From Pine View Farm

Immigration, Reprise 0

There was some interesting reporting on the immigration issue today.

Andrew Cassel, writing for the local rag, summarizes Americans’ historical ambivalence about the issue:

I keep hearing that the immigration issue is simple: Just enforce the law.


Yeah? Which law was that, exactly?

Was it the immigration law from 1882 to 1943, that specifically excluded “Asiatics” from our shores?

The Quota Act of 1921, which codified racist beliefs in the superiority of Northern European stock?

Was it the law that kept thousands of refugees from escaping Hitler during the 1930s? The law that let Japanese Americans be rounded up and imprisoned during World War II?

Or is it today’s byzantine and capricious set of rules – with enough quotas, categories, exclusions and requirements to provide an army of lawyers a lavish living?

And NPR reports that immigrants’ effects on the economy, especially on unemployment, may, despite the extravagent claims on both sides, be negligible (the full report is well worth a listen):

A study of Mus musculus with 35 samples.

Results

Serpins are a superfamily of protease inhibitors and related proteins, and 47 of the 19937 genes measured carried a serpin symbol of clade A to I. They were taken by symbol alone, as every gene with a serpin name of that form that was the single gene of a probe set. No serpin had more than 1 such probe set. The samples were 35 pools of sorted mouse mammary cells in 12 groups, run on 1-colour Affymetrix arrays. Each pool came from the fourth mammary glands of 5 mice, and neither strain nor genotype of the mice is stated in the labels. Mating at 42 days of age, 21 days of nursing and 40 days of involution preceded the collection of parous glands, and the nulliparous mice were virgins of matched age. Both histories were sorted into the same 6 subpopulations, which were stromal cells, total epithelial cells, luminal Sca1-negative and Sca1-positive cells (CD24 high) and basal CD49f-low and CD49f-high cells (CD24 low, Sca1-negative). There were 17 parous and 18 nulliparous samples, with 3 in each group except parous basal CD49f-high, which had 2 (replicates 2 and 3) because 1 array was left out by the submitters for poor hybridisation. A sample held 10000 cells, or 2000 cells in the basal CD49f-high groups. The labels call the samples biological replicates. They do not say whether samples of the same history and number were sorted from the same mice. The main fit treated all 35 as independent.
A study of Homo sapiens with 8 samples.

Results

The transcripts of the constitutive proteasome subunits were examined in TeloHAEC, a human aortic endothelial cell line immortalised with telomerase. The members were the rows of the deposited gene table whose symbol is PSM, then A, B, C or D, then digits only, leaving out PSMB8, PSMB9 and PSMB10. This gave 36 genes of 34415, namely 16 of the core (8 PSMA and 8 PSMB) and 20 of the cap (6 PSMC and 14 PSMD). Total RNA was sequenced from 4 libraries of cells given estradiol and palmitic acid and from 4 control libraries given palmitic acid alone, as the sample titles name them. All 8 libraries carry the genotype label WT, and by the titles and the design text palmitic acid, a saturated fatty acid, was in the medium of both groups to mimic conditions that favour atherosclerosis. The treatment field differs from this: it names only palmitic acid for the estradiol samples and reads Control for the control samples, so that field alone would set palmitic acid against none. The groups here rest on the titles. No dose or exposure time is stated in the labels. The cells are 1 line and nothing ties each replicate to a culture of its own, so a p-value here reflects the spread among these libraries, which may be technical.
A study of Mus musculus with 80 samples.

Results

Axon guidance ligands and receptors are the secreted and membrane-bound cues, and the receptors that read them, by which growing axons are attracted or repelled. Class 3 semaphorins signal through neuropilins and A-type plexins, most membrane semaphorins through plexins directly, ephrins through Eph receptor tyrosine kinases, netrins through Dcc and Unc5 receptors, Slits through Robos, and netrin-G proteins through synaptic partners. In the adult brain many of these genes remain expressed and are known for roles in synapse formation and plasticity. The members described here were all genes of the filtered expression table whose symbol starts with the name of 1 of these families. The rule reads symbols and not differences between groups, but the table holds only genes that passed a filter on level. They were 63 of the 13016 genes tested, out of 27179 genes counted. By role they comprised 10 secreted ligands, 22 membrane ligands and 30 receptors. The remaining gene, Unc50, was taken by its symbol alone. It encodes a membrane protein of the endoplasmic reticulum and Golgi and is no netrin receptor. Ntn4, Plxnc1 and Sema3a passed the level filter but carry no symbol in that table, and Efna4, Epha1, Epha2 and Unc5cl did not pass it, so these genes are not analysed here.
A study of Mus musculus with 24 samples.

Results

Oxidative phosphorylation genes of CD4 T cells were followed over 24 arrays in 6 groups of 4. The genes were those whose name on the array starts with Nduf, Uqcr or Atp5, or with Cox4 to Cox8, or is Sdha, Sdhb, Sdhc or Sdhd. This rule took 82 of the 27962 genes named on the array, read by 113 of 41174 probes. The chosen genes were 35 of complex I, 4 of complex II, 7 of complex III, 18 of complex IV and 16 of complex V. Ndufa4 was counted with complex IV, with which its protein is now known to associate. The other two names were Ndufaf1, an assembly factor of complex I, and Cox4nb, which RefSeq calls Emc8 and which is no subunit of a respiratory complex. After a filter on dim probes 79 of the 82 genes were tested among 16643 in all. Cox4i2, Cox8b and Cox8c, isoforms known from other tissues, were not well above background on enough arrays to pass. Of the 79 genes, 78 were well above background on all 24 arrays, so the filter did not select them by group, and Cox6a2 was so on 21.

But many economists say the effect of an estimated 11 million undocumented workers is minimal. While illegal immigrants have a negative impact on unskilled workers — many of whom lack technical training or a high school diploma — economists believe that overall, the American economy benefits a small amount from illegal immigration — “a little bit less than 1 percent,” according to NPR’s Adam Davidson. That finding, he says, suggests that neither side of the immigration issue has a strong economic argument to make.

And On the Media looked both at coverage of US immigration issues in Mexican media and at one person’s attempts to dispell misconceptions about Mexican culture and Mexican immigrants through a newspaper column titled Ask a Mexican.

I would especially urge anyone who is interested in this issue to follow the “Ask a Mexican” link; the author of the column quite emphatically states that, in his opinion, Mexicans will never lose the stigma of being “the other,” that, for some reason, USAns do not view Mexicans in the same way they view other immigrants. I don’t know whether I agree with him–but he, not I, is the one on the front line.

And, if he’s right, it should give any American citizen pause.